Boats contain a multitude of systems that hate inactivity, particularly the engine. While there are plenty of other items that benefit from winterisation, if you only have time for one make sure it’s the engine.
Many engineering companies will winterise your vessels engine(s) for you if it is something you would prefer a professional to do. But if you’d like to do it yourself, here are our top tips for winterising your boat’s diesel engine.
First on the list is general engine cleaning and observation. Shine plenty of light and use a mirror on a stick or digital camera to see under and behind things.
Dry the bilges to prevent corrosion and if necessary, paint them white to highlight any leaks and drips in the future.
Whether your boat is being hauled out for the winter or not, fill your fuel tank to prevent condensation, which in turn prevents the growth of diesel bug.
When winterising your engine, make sure to change the engine oil and replace the oil filter before leaving it for the winter. Leaving the old oil contaminated with the acidic by-products of combustion inside the engine block will shorten the engine’s life. A neglected oil system will cause expensive damage.
Also consider using flushing oil or a flushing additive during the oil change, to help remove more of the contaminants.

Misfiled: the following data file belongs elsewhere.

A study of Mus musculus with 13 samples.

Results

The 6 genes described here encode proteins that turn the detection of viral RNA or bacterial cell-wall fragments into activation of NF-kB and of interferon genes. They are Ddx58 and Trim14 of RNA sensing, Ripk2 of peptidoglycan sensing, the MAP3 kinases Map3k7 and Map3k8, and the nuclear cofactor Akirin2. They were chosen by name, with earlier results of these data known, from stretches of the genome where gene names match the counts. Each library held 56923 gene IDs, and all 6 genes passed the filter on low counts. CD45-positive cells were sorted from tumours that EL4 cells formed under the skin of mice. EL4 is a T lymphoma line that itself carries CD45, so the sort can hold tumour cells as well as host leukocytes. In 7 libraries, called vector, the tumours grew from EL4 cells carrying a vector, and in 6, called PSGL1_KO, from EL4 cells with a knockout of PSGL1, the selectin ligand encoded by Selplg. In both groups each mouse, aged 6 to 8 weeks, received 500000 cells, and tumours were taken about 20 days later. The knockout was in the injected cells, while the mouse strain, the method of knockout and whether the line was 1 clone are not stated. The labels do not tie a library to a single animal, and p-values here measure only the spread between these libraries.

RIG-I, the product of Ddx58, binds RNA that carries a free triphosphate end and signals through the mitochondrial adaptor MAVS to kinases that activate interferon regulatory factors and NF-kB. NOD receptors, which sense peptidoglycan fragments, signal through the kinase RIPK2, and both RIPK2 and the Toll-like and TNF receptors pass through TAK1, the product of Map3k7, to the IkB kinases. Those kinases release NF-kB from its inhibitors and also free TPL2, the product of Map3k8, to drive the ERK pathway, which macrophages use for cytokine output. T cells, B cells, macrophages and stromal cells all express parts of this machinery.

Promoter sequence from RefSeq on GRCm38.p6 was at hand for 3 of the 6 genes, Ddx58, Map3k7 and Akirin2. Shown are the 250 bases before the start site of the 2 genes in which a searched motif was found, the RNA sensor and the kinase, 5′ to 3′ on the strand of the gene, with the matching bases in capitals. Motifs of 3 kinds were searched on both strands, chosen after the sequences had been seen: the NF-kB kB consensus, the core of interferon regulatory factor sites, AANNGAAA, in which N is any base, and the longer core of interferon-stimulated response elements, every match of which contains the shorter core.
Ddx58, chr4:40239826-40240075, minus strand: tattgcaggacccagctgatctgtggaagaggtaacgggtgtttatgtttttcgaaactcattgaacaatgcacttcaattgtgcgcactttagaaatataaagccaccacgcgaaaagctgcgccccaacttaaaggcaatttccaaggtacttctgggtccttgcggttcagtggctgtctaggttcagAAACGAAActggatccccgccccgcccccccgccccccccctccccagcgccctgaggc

Check the gearbox or outdrive oil and replace if it looks cloudy or milky.
Most diesel engines use raw water cooling which needs attention. Raw water systems require draining before leaving for the winter. This done by closing the water inlet valve, or sea cock, disconnecting a hose from the circulating pump (unless there is a dedicated tap or plug), and refilling with a strong solution of fresh antifreeze.
Run the engine to fully circulate the new solution. Simply draining the system is unlikely to remove all the water inside, which may then freeze and cause damage over the winter.
Check the water pump impeller and consider replacing it when getting your boat ready for summer in case the blades have deformed over the winter.
Remove the air intake filter and block the intake with an oily rag to prevent rust inside, do the same for the exhaust. Squirt a little oil into the intake and turn over the engine, (without starting), to distribute it over the cylinder walls.
Be sure to place a warning about the blocked intake on the engine control panel to prevent anyone turning the engine over.
Where possible, remove the batteries and keep them warm and dry over the winter, fully charged or topped up at least every four to six weeks. Batteries left uncharged for long periods may need to be replaced completely.
If you’re unable to remove batteries or if the boat is staying on its mooring, leave them fully topped up and regularly recharged, as full batteries are less likely to freeze in sub-zero temperatures.
Relax or remove all belts and protect the drive wheels. Rust on these can chew up a belt very quickly in the new season.
Lastly, make sure you keep a list of what you’ve done to winterise your engine so you can reverse any changes in the spring.
The one-day RYA Diesel Engine course will help you prevent and solve diesel engine failure, covering basic maintenance and engine care including winterisation.
The RYA Diesel Engine Handbook is essential reading for leisure boat owners. Available as both a book and eBook with easy to follow text and detailed illustrations, with the digital version offering enhanced with animations and video content.